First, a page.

Friday, 18 January 2013

Thought Picnic: The many umbilical cords to cut


Cutting the cord means survival
The first umbilical cord by nature and for the preservation of life needs to be cut at birth; it is the time when the newly born baby has to begin a life of reflexive independence to breathe on its own and to take in food usually in form of milk to thrive.
However, that umbilical cord is the easiest to cut, there are many more that bind us to our parents or guardians, our communities, our societies, our beliefs and much else which should when the fullness of time is come be cut or the birthed will suffer a form of death – a death of freedom, a death of expression, a death of happiness, a death of ambition, a death of hope – too many deaths whilst still alive and it might breed resentment, despair, rebellion or depression – it mimics the cycle of life.
The point in time
At the point when a baby stops being a foetus, that umbilical cord is cut; just as when a child stops being a baby, when an adolescent stops being a child or when an adult stops being an adolescent – that is would be the ideal path of growing up but it is rarely the case.
The responsibility relationship between guardian and ward is dynamic, between them the cutting of the umbilical cord is a function of age, individuality, expression, responsibility and sometimes success which could determine the leeway one will give the other to be better at what they are on the way to becoming.
The last cut
The most difficult umbilical cord to cut is that where the guardian has to accept that their ward has come of age, where the parent appreciates their child has become an adult and should be given the opportunity to learn their own lessons, live their own lives and chart their own courses.
Obviously, guidance and advice is useful but instruction and diktat is unhelpful; the atmosphere in which the child has been schooled in the home will however become the foundation of the confidence, the self-esteem, the determination and the drive that child has like it did when it ventured its first breath at birth and performed the first suckling reflex to take in food.
Taking places
At a point in time, the parent or guardian will have to be put in their place, not so much to be put down but to be respectfully made to understand that certain decisions are now out of their hands and their influence is at best advisory and nothing more.
Along the line, between agreement and conflict whilst growing up we also encounter the more difficult elements of gaining our individuality. Expectations are high, criticisms are rife and praise is rare, punishment is severe sometimes to the point of brutalisation and power is wielded with deathly omnipotence that it feels easier to walk through prison walls than extricate oneself from parental overreach.
Parents do overreach and in the process attempt to blackmail their children thinking their parental responsibility required of them by society to provide the basics of protection, food, shelter, clothing, education and good example is the fullest expression of love without accounting for the deeper emotional needs of the child which will never be met with things.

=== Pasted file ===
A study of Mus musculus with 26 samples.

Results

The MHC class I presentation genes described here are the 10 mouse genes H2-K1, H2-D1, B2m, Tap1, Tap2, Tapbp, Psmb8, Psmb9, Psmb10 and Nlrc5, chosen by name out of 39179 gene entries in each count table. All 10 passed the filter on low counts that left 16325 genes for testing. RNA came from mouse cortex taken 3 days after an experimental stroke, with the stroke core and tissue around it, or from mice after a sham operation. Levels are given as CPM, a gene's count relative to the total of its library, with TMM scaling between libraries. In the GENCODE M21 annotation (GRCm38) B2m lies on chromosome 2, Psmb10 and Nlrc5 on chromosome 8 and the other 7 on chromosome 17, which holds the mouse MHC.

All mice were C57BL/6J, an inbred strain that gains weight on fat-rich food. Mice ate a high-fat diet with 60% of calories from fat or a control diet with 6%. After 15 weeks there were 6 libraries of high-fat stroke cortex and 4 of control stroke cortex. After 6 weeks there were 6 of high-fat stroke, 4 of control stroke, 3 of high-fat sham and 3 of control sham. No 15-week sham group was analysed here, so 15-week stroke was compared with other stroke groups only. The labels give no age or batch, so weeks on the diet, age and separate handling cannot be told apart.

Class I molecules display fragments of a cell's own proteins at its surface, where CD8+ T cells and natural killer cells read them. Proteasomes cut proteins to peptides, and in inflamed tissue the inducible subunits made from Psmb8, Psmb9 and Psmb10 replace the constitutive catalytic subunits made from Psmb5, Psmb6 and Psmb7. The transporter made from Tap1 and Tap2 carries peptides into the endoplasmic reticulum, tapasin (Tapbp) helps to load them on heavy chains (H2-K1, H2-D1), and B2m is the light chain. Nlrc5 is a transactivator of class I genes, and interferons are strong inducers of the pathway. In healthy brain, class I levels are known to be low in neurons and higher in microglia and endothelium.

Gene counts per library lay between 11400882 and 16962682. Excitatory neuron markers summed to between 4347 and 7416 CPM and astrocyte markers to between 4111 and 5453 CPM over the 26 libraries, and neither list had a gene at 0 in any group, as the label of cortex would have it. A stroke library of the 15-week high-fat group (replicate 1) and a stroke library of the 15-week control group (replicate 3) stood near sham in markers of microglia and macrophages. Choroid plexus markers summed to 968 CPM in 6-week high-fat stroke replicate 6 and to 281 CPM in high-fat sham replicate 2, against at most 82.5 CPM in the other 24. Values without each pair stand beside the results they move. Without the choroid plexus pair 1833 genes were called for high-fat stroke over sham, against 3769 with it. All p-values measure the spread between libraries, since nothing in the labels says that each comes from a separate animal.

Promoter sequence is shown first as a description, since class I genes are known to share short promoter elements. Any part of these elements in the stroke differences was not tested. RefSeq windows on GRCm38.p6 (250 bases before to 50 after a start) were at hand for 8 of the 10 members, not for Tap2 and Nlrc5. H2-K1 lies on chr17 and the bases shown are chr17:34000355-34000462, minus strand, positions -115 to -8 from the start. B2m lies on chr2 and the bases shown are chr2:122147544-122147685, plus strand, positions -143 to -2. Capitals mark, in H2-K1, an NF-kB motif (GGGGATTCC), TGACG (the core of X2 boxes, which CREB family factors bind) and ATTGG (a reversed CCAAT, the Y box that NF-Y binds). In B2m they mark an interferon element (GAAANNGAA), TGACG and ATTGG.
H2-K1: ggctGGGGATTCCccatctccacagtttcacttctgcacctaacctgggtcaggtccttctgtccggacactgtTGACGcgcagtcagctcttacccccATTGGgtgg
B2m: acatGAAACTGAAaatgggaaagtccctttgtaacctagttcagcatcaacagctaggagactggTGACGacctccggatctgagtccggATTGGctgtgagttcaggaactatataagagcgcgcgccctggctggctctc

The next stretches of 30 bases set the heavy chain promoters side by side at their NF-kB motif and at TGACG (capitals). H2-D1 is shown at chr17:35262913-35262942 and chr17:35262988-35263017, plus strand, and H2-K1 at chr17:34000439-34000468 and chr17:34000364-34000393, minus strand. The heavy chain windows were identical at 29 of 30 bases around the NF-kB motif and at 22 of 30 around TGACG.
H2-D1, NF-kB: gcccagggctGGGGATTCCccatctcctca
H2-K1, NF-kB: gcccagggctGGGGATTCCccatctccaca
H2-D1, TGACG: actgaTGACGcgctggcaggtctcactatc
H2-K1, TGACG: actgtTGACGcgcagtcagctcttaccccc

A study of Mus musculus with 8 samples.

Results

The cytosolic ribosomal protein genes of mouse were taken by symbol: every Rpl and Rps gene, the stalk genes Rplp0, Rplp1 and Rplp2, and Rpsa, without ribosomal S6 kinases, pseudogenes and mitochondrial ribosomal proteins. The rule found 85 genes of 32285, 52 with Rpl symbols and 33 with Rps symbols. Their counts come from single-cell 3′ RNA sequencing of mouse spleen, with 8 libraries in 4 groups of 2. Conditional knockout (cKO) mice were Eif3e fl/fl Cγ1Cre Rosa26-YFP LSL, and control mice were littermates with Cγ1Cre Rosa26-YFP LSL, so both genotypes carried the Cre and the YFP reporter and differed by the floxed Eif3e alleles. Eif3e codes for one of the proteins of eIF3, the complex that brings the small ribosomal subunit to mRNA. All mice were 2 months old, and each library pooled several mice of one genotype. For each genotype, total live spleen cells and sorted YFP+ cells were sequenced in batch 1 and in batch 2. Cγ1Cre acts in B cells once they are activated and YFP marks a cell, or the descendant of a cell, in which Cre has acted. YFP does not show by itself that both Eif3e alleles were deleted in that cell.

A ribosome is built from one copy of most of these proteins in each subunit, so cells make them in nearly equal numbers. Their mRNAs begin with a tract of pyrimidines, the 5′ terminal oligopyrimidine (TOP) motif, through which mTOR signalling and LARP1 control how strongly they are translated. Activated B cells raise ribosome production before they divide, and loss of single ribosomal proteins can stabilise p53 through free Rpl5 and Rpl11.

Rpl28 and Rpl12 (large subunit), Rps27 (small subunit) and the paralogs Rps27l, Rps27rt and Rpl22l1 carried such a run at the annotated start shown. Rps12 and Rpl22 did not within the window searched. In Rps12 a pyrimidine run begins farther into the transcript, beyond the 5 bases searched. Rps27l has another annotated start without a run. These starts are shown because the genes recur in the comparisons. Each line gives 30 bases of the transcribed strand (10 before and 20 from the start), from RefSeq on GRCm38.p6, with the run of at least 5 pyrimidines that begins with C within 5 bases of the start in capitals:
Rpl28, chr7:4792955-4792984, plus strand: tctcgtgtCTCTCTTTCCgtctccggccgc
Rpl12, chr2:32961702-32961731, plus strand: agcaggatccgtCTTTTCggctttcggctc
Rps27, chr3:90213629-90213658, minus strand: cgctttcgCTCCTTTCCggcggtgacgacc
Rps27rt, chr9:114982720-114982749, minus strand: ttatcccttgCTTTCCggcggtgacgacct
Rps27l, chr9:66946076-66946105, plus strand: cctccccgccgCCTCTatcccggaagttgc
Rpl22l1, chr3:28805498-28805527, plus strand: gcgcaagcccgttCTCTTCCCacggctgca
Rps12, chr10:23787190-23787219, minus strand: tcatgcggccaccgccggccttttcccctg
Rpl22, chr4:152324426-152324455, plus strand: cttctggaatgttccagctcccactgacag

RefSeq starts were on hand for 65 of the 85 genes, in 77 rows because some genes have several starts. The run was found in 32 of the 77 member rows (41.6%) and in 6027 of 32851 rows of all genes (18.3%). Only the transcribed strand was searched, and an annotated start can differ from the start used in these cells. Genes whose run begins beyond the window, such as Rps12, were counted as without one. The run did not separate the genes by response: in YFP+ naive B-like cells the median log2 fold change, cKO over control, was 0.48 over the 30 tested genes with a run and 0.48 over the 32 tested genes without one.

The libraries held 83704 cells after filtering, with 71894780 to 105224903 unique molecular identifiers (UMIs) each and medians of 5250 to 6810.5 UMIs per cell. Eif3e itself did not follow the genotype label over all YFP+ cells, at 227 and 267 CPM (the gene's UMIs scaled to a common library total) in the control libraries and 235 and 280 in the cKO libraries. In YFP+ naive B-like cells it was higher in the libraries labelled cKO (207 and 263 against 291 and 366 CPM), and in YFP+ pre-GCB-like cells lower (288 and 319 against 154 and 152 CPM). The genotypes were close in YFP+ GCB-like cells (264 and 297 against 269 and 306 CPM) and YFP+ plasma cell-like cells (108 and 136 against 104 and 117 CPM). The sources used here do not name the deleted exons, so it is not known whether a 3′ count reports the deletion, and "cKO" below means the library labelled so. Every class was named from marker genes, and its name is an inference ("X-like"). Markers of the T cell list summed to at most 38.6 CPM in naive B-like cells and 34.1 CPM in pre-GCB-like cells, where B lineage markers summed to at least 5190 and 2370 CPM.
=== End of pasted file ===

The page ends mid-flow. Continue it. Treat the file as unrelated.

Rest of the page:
Tough love facts
We did not ask to be born, but we have been born and there should be more times in our lives that we are grateful to have been born, to have the parents we have had and to have had the care and affection that they have showered on us from when we were hopefully bundles of joy at birth through when they patiently tolerated with exasperation their inability to control the child who is still under their roofs.
However, we return to the matter of umbilical cords or in other parlance apron strings. Children are not clones they are unique personalities moulded by the environments in which they grow, interact, find safety, experience abuse, feel love, witness hate, find acceptance and know rejection – we are moulds of situation and circumstance that are subject to the casts provided by those whose responsibilities we were in our formative years.
The path to acceptance
The healthiest relationships between parent and child will only find fulfilment when they all channel the Kübler-Ross model, which first studied the five stages of grief.
Denial comes with the guardian not believing that the child has come of age, there is anger that the child is not conforming to expected norms, there is bargaining as to how to regain the best control and influence over the child, then depression coming with unfulfilled promise or sadness that a situation might have become a lost cause and then finally, acceptance – accepting who the child has become; an adult with their lives, their goals, their purpose and their own decisions.
The point of acceptance is when the parent begins to respect that child and honour that child with guidance and advice rather than instruction, coercion and blackmail – the healthiest relationships will bring better communication, deeper interaction, more happiness and a glad heart for that parent as they approach their waning years.
It’s you or them
If the parent will not wise up to that necessity, then the child will at a certain point in time have to be respectfully forthright, frank, direct, honest and true – they will eventually have to find words to say, “I want to be able to live my live as a person, unique, independent, fulfilled and appreciative of you out of recognition of who you have been in my life.”
Acceptance or frank expression on the side of the either the guardian or the ward is that umbilical cord cut for the relationship to thrive. If you have not cut it yet, consider how better things can be if that realisation first dawns on you and then you make them see the light.